The Past Two Weeks in History 12/16-1/11


  • Wednesday, January 16-$1 Throwback dress down
  • Wednesday, January 16-8th grade graduation photos 8 am
  • Thursday, January 17-9 am Mass
  • Friday, January 18-Interim ASPIRE testing
  • Friday, January 18-Cardinal Pursuit 7 pm
  • Monday, January 21-No School (Martin Luther King Day)
  • Friday, January 25-History Fair projects due
  • Sunday, January 27-Catholic Schools Week Mass (9:30 am) Open House (10:30 am)

That’s Ancient History (6)

The 6th graders have been finishing up their unit on Egypt with a few ending projects. Before Christmas Break students studied this civilization’s religion, they learned about the unique and vibrant belief of life after death. They were able to take a walk in Anubis’ shoes by creating a paper sarcophagus and exploring what items they would take with them into the afterlife. The end of our unit focused on the different Kingdoms of Egypt and the pharaohs that ruled. Students learned about four famous pharaohs and were asked to create a political campaign poster and speech for the pharaoh they felt would make the best leader based on our learning. The goal was to try to convince their classmates (Egyptians) to vote for their pharaoh if voting was allowed in Ancient Egypt. We finished up our unit this week with a test and students will present their speeches on Monday. As we look forward to the next few weeks, students will take a quick trip to Kush, an area that worked very closely with Egypt. We will then learn about the Israelites, a group that existed during the time of Ancient Egypt. Through the study of this civilization, students will get a closer look at Judaism.


7th grade has been hard at work on their Chicago Metro History Fair projects. The students are working on planning, writing, and designing their websites, documentaries, or exhibits. Their goal is to demonstrate knowledge of their topic and argue why it fits the theme of triumph and/or tragedy. As they take a walk in a museum curator’s shoes, they will also be working on their summary statement, an introduction to their project that works like a scientist’s abstract, explaining how their project was conducted. They will also create an annotated bibliography featuring all of their wonderful research and how it was used within their project. Students are working both in and out of class on these elements of the project and can seek extra help at after-school workshops in the coming weeks. Once students complete their project, they will be assessed by judges and have the chance to send their project to the regional competition! In our next unit, we will finally head back to our focus on early American history, learning about how our government came to be through the Constitution and Bill of Rights.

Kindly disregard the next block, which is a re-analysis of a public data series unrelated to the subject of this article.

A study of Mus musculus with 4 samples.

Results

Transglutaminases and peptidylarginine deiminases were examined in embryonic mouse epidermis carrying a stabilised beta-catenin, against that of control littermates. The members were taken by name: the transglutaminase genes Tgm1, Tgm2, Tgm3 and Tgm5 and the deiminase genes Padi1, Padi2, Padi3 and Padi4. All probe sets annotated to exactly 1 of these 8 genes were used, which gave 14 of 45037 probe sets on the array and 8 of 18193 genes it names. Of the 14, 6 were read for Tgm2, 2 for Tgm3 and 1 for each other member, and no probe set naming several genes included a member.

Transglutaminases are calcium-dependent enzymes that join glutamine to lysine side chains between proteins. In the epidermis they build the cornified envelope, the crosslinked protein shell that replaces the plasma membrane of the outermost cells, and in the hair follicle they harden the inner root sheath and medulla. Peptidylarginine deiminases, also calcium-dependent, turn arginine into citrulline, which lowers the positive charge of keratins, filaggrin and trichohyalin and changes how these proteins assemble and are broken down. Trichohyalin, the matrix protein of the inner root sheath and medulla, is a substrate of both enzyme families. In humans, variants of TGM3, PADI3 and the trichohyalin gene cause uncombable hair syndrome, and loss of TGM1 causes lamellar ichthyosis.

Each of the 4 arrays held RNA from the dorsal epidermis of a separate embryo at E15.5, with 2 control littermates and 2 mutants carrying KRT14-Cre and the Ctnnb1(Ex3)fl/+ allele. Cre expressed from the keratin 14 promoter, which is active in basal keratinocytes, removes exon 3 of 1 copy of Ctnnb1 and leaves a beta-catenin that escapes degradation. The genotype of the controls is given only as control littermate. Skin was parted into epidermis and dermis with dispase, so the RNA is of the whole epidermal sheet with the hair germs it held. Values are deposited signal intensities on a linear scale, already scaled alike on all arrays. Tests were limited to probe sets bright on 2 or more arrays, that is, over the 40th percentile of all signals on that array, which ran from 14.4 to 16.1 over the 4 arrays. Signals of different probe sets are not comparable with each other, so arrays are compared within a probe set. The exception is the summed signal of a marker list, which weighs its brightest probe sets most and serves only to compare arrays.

After Christmas break, the 8th grade headed back into their study of America after WWI, the 1920s. We focused on the politics, immigration, prohibition, organized crime, and cultural divides from this era before the break and have come back to learn about “roar” of the 1920s-the culture. Students were amused by the types of entertainment people enjoyed during this era, including pole sitting, radio listening, and dancing. We have taken an in-depth look at the Harlem Renaissance, gathering information on how the Great Migration impacted the music and culture of the 1920s, bringing about jazz, blues, and many famous works of art. They learned how this artistic movement changed the lives of African Americans and eventually lead to the Civil Rights movement years later. The last of this unit will focus on racial unrest, specifically the Chicago Race Riots and the consumerism of the time. The goal of these lessons is for students to realize the connections that the 1920s still have today. We will end this unit with a test next week and begin to explore the Great Depression. In this upcoming section, students will get the chance to truly understand how outstanding consumerism caused the Stock Market to fail by calculating the finances of F. Scott Fitzgerald, one of the famous authors of this time. We will also explore the other elements that played a role in the devastation of this time period, causing it to truly be the Great Depression.